Tonight at 10pm, Deadliest Warrior will pit Pirate against Knight, cunning against tradition, and lead against steel in a duel to the death.Before we get down to analyzing tonight's fight, I just want to thank you guys for making The Aftermath a success. We've been keeping up with all of your comments and feedback, and it's great that you guys are keeping the conversation going. I'm definitely looking forward to doing this week's, so be sure to leave a comment for us after Pirate vs. Knight premieres.
But on to the matter at hand: What makes this fight unique and interesting, and what sort of strategies will our combatants need to use if they want to best one another?
To begin with, I'm tremendously excited about the sheer range of possibilities in this matchup. Of all our fights this season, this is the one that came closest to actually occurring in history -- we've just taken the liberty of smooshing two sections of timeline, the High Middle Ages and the Golden Age of Piracy, closer together in order to see what results when they overlap.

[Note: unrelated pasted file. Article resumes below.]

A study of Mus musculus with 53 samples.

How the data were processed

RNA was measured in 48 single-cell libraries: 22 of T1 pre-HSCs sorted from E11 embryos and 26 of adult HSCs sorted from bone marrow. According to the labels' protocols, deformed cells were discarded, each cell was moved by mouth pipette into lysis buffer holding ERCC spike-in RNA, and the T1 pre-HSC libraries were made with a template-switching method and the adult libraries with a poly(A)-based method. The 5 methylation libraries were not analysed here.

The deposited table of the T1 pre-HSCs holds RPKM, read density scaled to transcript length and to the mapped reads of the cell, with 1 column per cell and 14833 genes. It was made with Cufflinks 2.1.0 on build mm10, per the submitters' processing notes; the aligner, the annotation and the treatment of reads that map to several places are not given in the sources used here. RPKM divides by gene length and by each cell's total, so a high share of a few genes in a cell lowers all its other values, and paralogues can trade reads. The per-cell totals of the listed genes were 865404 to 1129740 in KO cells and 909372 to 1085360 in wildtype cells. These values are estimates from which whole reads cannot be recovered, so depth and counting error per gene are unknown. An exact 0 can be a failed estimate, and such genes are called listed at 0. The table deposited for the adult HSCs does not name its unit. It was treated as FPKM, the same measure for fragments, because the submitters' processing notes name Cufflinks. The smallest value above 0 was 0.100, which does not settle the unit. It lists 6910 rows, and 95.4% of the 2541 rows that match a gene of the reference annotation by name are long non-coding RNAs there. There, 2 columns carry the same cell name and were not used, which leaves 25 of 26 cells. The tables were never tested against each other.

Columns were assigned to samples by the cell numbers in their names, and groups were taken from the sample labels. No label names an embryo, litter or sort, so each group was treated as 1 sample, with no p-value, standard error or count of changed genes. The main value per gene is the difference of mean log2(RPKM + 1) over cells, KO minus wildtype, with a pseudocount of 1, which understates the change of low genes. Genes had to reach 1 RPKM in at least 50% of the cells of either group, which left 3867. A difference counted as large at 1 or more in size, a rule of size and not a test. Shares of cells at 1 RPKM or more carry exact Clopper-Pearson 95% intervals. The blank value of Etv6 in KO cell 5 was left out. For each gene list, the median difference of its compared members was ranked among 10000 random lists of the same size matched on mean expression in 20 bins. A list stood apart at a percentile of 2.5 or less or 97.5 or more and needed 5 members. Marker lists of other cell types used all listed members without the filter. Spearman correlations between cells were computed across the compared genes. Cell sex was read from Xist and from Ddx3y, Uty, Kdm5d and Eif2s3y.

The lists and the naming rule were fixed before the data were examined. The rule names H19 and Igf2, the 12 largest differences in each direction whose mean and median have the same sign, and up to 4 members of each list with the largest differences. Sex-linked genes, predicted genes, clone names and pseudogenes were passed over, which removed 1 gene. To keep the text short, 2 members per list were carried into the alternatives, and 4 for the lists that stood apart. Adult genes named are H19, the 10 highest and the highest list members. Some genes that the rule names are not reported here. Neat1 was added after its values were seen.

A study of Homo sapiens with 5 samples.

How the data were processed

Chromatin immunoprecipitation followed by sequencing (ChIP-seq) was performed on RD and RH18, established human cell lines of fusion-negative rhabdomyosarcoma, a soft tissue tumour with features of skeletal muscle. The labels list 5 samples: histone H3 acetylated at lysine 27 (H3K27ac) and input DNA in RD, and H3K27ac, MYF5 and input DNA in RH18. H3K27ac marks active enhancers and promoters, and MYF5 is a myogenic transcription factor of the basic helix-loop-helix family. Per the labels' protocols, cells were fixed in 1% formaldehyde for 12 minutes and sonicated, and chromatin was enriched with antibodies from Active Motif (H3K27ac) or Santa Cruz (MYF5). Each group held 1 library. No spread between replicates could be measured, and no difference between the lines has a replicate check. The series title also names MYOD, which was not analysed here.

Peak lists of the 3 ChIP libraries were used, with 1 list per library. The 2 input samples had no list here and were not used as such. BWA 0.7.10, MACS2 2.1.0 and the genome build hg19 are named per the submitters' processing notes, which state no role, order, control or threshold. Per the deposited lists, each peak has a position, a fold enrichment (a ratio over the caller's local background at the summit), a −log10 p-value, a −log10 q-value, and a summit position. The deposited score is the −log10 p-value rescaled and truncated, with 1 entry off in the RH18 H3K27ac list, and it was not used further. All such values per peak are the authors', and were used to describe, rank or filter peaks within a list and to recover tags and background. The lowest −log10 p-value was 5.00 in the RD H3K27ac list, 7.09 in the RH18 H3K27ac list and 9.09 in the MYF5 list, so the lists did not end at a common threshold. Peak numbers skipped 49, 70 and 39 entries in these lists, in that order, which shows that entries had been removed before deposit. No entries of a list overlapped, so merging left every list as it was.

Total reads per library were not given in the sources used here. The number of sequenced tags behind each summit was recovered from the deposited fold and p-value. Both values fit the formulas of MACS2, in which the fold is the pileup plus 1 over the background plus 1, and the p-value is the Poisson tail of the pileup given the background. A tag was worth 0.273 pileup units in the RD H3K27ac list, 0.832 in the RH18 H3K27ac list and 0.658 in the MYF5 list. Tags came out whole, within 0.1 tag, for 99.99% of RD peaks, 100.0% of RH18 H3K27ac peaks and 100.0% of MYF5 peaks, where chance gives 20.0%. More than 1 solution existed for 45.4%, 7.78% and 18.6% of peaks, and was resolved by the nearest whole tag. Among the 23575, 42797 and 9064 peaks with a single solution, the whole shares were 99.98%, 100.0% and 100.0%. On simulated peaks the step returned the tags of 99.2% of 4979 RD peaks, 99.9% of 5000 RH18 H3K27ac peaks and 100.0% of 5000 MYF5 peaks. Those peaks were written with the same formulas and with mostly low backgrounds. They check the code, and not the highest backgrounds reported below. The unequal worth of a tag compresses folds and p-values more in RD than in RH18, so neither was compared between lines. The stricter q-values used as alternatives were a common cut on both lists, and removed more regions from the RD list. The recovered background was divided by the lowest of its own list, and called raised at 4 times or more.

You may already be thinking to yourself: "Well, this is pretty cut and dried: we still have gunpowder weapons today, but you don't see anyone using steel plate armor in modern warfare," but the history of the matter isn't that simple.
Gunpowder weapons first became widely adopted in Europe in the 14th century, first as cannons, and then quickly progressing to handheld artillery (the harquebus, or literal "hand cannons" in many cases) in the 15th century. However, plate armor evolved in kind, and early guns were ineffective at penetrating armor at a distance. But by the late 17th century, improvements had been made to musket technology that allowed guns to fire projectiles with greater muzzle velocity, and consequently, bypass armor.
But accuracy remained an issue. Early muskets lacked rifling in their barrel (simply put: a rifle puts spin on a bullet to give it a stable flight path -- think of what happens when you throw a football with proper spin. Now imagine throwing the ball without that spin. Awkward, isn't it?). To compensate for a lack of accuracy, armies at the time relied on massed firepower -- shooting became a numbers game more than anything.